News Column

Texas Tech Ranks in Top Schools for Hispanic Grad Rates

July 18, 2013

Blake Ursch

Texas Tech ranks 47th in the nation for Hispanic students earning their bachelor's degrees, according to a magazine specializing in multicultural affairs at colleges and universities across the country.

"Diverse: Issues in Higher Education" recently released a list of the top 100 schools that produce Hispanic baccalaureate graduates.

According to the list, 719 Hispanic students earned their bachelor's degrees from Tech in the 2011-12 school year -- a 20 percent increase from the previous year, in which 598 Hispanic students earned their degrees.

The schools are ranked according to the total number of Hispanic graduates in the last school year.

Florida International University in Miami tops the list with 4,549 Hispanic graduates last year.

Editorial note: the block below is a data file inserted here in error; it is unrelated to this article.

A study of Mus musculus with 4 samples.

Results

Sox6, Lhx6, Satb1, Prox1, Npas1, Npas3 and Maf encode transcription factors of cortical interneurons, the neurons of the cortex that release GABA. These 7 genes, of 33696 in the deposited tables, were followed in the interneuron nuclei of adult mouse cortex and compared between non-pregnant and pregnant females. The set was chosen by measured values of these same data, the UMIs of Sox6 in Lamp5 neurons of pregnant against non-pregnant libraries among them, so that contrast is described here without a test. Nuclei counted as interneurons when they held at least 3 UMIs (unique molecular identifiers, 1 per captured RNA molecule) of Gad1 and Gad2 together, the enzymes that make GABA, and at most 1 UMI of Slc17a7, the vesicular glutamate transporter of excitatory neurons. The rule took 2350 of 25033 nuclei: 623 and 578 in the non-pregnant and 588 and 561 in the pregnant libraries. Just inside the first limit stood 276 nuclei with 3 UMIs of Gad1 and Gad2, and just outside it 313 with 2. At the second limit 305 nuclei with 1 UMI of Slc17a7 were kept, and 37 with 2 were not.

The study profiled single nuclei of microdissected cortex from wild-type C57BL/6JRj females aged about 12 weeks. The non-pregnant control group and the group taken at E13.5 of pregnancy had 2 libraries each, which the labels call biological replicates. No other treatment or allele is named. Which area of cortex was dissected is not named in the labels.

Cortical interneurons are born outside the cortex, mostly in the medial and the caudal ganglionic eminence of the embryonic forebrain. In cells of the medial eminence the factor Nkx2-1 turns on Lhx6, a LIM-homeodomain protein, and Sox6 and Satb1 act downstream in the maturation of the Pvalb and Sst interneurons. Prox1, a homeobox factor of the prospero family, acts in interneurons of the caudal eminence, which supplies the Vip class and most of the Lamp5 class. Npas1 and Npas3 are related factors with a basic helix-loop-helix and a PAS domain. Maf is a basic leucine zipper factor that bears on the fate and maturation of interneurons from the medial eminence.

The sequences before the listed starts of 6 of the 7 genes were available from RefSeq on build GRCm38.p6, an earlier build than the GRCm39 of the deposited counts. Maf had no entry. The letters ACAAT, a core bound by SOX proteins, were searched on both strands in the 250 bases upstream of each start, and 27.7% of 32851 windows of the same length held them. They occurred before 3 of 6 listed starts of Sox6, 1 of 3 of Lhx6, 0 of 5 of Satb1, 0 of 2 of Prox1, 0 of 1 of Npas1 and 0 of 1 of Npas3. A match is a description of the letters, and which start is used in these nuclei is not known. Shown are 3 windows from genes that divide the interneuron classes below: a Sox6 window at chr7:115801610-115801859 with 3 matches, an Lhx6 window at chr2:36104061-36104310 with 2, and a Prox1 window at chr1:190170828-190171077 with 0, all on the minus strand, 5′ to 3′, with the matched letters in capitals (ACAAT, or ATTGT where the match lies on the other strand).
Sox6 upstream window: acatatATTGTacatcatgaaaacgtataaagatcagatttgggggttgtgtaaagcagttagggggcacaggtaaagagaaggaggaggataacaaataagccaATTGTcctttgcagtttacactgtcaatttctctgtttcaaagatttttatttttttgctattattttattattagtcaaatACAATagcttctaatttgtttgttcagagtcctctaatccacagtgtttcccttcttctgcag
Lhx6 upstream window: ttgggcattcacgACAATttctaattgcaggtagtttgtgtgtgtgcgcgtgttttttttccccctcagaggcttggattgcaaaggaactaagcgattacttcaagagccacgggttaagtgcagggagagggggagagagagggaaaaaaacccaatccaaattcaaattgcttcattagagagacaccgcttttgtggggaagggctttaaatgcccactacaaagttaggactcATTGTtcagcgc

"To be ranked in the top 50 among thousands of schools in the country -- and being away from any major metro area -- it really indicates how attractive the campus is to Hispanic students and to students of all backgrounds," said Juan Munoz, senior vice president of Institutional Diversity, Equity and Community Engagement at Tech.

Munoz credits Tech's affordability for attracting Hispanic students, who in many cases are low income. In April, Tech was named one of the most affordable public universities in the nation by

Munoz also said PEGASUS -- a campus organization devoted to supporting first-generation college students -- could contribute to the retention of Hispanic students through graduation.

"I think there's a great sensitivity on the campus to the first generation college students, many of whom are Hispanic," he said.

Tech ranks above Texas A&M University in Corpus Christi (54) and the University of Texas at Dallas (100).

But it falls behind the University of North Texas (34), Texas State University in San Marcos (17), Texas A&M in College Station (15) and the University of Texas in El Paso (3).

Munoz said that he had no doubt the number of Hispanic graduates at Tech will continue to climb.

"I think that we will continue to aspire to move up," he said. "As our enrollment grows, it is an expectation that our graduation of Hispanics will equally grow."